Gene is a member of the Professional Photographers of America, the Texas Professional Photographers Association, the American Photographic Artists, the American Society of Media Photographers, and KelbyOne (formerly the National Association of Photoshop Professionals).
Gene began “chasing the light” over 40 years ago, when his wife gave him his first 35mm camera. Although he wistfully recalls the days of simple film cameras, he is grateful that he is no longer constrained by their limitations. He feels that the new digital world enables the photographer to express artistic vision in ways unimaginable in the days of film.
With modern technology, anyone with a cell phone can take a beautiful snapshot. Gene believes, however, that the most compelling photographs stir the viewer’s imagination and emotions with a careful arrangement of shapes and colors, the subtle interplay of light and shadow, and just a hint of intrigue. At the end of the day, the viewer should be left not only with an appreciation for what the photograph reveals, but also with a longing to know more about what is concealed by a shadow, what is obscured by a touch of blur, what is meant by a gesture, and what is just out of sight around the next corner. To quote Diane Arbus “A photograph is a secret about a secret. The more it tells you, the less you know."
Gene’s landscape photography has been heavily influenced by the work of Peter Eastway and Ansel Adams. His vision for portrait photography draws upon the paintings of Edward Hopper and the photographs of Gregory Crewdson.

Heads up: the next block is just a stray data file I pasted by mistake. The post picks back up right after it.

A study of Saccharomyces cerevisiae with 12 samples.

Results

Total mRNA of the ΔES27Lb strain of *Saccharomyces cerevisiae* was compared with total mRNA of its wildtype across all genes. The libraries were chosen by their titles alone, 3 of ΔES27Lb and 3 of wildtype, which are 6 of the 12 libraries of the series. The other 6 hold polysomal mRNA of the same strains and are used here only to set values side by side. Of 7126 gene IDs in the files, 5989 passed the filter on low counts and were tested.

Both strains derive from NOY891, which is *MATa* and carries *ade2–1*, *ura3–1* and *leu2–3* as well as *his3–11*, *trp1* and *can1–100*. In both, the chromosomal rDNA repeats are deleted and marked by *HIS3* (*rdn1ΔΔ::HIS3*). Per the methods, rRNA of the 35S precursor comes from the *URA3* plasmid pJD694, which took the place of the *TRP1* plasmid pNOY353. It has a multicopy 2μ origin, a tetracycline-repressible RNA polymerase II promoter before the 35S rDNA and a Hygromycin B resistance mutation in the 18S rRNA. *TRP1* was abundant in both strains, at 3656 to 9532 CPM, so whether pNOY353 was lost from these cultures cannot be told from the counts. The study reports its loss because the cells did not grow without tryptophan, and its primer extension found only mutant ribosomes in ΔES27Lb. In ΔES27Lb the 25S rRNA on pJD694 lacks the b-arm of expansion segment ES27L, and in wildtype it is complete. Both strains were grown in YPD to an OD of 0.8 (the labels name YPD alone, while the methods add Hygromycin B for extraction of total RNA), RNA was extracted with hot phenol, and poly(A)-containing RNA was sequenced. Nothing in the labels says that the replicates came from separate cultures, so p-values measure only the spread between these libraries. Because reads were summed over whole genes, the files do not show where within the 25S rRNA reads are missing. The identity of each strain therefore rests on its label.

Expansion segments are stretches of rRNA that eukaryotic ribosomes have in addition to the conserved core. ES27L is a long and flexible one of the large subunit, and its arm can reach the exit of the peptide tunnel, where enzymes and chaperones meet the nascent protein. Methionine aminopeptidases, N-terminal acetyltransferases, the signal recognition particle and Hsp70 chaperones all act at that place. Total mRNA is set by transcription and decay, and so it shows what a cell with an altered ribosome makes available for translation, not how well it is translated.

In his early days, Gene paid his dues in the darkroom. He has since happily transitioned to the digital darkroom, where he has yet to stain his shirt with an adjustment brush or trip over a magnetic lasso tool. To those who criticize the use of digital post-processing, Gene responds that the master of landscape photography, Ansel Adams, spent far more time in the darkroom manipulating his stunning images than he ever spent in the field making them. In fact, Adams printed more than 1,300 different versions of his great photograph, “Moonrise, Hernandez, New Mexico,” forever seeking perfection.
An artist’s work is illusory until manifested in physical form. Gene has chosen the custom lab that invented the aluminum printing process to print his photographs. His limited-edition images are printed to the highest quality gallery standards on ultra-high-gloss white aluminum, in sizes ranging from approximately 48”x50” to approximately 48”x72”.
Gene’s passion for his craft is shared by his wife and his two sons, and is tolerated by his daughters-in-law and his two Labrador Retrievers, whom he refers to as “The Unruly Beasts."
His wife indulges him in his extensive dust-gathering collection of antique and modern film cameras.